Being made to watch grainy black and white images of the moon landing had a profound and lasting impact on me. I wrote to Nasa asking for advice. I still have the letter thanking me for my interest and asking me to contact them again when I was 21 years of age. The bad news was that I needed to focus on science and languages. Dream dashed.
I never had a career plan other than going to university. That in itself seemed to be more than enough. Wanting to be an astronaut wasn't about reality; I wanted adventure. Certainly it wasn't about money. Then again, neither is teaching.
Pupils now seem to have their lives and careers mapped out years in advance. Our sixth-formers show me their very impressive career profiles.
Yet when I read the startling figures on student debt, I am surprised that anyone is even contemplating further study. Total student debt in the UK currently amounts to more than pound;5 billion. The average debt owed by those in higher education is more than pound;12,000.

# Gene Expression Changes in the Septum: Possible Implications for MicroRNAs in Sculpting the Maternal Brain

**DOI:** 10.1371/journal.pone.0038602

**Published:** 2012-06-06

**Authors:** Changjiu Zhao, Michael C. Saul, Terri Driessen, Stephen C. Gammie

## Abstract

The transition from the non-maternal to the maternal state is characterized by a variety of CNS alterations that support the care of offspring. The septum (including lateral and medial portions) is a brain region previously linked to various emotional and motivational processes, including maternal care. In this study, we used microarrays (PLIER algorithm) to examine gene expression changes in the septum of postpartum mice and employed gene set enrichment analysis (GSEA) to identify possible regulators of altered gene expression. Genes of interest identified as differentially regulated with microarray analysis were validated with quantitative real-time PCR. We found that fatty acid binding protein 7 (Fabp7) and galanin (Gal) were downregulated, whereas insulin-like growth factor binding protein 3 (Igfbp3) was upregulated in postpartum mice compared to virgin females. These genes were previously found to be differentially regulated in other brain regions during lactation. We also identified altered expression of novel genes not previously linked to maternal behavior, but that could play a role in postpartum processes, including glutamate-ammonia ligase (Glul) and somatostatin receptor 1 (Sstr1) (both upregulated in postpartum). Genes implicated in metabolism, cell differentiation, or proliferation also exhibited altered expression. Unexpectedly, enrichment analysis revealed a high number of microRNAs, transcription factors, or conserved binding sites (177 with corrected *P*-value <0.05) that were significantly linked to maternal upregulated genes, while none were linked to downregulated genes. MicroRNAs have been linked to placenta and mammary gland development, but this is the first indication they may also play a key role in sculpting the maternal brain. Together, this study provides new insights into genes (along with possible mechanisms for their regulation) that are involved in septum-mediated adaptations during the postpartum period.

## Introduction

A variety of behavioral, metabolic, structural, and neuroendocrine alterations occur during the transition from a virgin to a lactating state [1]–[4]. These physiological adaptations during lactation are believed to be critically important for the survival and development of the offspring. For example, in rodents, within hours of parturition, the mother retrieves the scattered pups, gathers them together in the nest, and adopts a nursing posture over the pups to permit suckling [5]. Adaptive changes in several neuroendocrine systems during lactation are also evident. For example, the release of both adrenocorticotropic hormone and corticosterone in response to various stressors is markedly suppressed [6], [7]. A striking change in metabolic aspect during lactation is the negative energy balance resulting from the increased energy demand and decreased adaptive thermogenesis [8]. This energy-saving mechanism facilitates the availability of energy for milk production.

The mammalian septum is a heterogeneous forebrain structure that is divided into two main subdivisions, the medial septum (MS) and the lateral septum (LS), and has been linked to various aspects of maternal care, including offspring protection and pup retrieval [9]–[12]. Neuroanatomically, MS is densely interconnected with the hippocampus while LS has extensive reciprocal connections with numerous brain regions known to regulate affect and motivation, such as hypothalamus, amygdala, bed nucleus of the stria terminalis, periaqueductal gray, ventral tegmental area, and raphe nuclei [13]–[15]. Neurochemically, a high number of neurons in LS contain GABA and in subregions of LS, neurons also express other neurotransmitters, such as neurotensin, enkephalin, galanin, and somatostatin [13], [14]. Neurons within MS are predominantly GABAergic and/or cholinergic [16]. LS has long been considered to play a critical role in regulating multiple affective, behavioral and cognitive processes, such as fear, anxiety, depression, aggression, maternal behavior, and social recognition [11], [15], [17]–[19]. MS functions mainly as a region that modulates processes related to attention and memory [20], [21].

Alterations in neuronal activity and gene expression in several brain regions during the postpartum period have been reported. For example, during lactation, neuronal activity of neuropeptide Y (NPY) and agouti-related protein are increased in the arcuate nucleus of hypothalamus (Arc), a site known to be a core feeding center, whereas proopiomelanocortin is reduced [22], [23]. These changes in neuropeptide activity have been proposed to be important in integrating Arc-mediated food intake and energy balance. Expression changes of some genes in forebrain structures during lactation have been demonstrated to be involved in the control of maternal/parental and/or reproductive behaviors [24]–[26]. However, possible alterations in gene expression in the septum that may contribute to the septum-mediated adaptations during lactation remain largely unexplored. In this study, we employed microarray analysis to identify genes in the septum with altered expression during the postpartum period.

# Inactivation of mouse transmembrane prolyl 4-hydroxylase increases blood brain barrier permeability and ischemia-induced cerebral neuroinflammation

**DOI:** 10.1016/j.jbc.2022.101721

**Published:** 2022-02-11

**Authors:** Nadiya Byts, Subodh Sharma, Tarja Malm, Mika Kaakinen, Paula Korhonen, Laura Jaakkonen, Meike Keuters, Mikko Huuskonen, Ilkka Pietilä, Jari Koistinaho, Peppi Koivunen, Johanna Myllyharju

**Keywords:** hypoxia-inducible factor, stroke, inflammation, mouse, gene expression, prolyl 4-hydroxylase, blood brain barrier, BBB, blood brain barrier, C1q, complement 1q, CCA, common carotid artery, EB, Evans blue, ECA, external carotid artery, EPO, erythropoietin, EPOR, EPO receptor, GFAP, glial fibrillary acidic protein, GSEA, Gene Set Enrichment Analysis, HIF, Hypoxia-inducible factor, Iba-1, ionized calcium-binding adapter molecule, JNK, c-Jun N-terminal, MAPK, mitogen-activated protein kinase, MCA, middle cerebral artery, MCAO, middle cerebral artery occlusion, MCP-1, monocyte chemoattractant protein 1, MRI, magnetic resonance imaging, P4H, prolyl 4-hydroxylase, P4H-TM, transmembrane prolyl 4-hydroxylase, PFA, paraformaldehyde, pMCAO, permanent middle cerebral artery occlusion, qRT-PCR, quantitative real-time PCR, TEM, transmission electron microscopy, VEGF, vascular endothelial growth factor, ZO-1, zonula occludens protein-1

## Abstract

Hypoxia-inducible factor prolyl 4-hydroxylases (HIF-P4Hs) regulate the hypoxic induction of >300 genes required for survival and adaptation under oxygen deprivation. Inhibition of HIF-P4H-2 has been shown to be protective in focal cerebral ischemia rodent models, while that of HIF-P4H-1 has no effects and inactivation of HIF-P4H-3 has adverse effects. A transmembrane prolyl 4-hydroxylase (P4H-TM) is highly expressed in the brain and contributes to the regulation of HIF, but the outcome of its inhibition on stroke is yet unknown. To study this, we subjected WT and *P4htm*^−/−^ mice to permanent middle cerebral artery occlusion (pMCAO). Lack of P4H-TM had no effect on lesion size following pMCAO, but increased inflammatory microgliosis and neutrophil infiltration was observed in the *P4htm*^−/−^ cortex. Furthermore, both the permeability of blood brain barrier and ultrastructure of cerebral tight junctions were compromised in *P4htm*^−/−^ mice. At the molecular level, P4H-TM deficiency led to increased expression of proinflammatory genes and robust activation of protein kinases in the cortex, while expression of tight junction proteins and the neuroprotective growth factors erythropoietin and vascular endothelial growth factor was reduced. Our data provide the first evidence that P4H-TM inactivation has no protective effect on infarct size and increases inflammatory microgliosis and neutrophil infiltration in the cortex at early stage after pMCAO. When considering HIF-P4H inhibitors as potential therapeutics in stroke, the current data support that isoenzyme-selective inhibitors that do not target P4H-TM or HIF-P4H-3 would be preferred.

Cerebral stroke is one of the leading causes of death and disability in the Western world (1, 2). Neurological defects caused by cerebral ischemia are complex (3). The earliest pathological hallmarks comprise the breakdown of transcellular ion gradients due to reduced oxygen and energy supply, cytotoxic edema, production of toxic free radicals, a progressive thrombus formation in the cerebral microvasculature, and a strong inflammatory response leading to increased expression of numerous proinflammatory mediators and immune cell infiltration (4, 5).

And it's set to get worse. The projected student debt at graduation by 2010 is pound;33,708. That's my Year 11s. Has anyone told them? How on earth do any of them find the courage to go? I went for the passion of my subject and the subsidised student bar. Now it seems it has to be for the best-paid job at the end.
What sort of message is this projecting to our young people? That a culture of debt is fine, it's the norm. Want it. Want it now. Get it without worrying about the long-term effect of such decisions.
No wonder my form want to be celebrities or footballers - "for the money, Miss". Robbie Williams earned pound;30,000 a day in 2004-2005. He's reputed to have made a cool pound;80 million after selling more than 1.6 million tickets in a single day. He could pay off the national student debt in no time.
Alternatively, we could offset the debt using money saved from the annual government expenditure on waste or useless projects, which amounts to Pounds 81bn. It includes pound;77,000 spent by the Arts Council sending a team of artists to the North Pole to make a snowman, and pound;140,000 spent by the Economic and Social Research Council on a three-year Glasgow university study into what people do in coffee shops. Answer: drink coffee.
Somehow reaching for the moon seems more realistic than going into higher education and emerging debt-free.